The United States is committed to reducing its forces in Okinawa as much as possible, Adm. Joseph W. Prueher, commander in chief of the U.S. Pacific Command, said in an interview Monday with The Japan Times.
“Working with Japan, we will make the footprint of our forces as small and as efficient as we possibly can, commensurate with our operational capabilities,” Prueher said. “We try to treat (the people) like we would at home,” Prueher explained, noting the Japanese want a strong defense, but they don’t want to live in landing patterns.
Prueher said there has been considerable progress in implementing the recommendations of the Special Action Committee on Okinawa. He noted that 13 of the 27 SACO proposals have been accomplished.
Prueher had good words for Keiichi Inamine, newly elected governor of Okinawa. “For the first time since I have been here, Gov. Inamine acknowledged all the difficulties and all the challenges” in trying to solve the bases problem. “He also acknowledged the effort by the U.S. to try to solve this and the progress that has been made. This creates a healthy climate for solving things.”
Given the “shared interests and values” that bind Japan and the U.S., Prueher was optimistic that the two sides will find a satisfactory conclusion to the bases problem.
The admiral was careful to emphasize that U.S. force levels will be balanced by regional security needs. He explained the five U.S. priorities outlined in the East Asia Strategy Report released late last year: the Japan-U.S. security alliance, the linchpin of regional security; relations with a burgeoning China; creating conditions for peaceful reconciliation on the Korean Peninsula; working with India; and dealing with the fallout from the regional economic crisis.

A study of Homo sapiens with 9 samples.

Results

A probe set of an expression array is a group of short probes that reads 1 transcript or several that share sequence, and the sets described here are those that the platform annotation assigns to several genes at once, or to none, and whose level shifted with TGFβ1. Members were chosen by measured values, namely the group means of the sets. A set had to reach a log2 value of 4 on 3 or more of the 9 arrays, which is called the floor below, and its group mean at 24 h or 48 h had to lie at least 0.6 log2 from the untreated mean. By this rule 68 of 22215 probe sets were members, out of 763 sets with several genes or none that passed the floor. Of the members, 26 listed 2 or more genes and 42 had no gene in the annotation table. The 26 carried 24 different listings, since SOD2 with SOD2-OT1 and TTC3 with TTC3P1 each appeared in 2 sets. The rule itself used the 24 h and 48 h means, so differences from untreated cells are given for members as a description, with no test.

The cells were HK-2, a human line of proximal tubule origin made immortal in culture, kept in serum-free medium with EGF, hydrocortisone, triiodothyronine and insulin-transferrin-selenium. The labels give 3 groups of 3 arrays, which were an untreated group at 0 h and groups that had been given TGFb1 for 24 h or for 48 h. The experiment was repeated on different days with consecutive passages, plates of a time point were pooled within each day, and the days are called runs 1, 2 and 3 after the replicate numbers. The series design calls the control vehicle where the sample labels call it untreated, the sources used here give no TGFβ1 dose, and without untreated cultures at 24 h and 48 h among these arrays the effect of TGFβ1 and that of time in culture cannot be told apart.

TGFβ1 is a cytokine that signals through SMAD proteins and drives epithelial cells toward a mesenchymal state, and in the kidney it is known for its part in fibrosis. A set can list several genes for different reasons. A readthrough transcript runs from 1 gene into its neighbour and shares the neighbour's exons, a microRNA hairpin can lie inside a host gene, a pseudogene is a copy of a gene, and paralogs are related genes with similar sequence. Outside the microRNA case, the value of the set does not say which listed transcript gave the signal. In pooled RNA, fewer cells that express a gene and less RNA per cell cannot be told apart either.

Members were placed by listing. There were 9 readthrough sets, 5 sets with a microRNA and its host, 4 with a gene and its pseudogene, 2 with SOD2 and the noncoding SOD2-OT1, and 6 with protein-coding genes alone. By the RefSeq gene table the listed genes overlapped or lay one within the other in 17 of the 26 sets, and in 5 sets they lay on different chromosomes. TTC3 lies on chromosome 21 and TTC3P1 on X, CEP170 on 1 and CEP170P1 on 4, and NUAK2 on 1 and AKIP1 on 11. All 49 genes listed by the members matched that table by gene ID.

In particular, Prueher said the U.S. was “watching closely” events in North Korea, and was sharing that information and intelligence with Japan in a timely way.
The admiral said the U.S. knew Pyongyang was going to carry out a missile test last August, but conceded that observers were still surprised by the range of the missile. “The test demonstrated a nascent capability to launch long-range missiles,” he said. “We expect another launch, but it is not imminent,” he added.
Prueher also expressed confidence that Asia will emerge from its current economic problems stronger than before. Among the reasons for his optimism are the five elections that have been held in the region since the crisis hit. In each case, there has been no backsliding away from more democracy.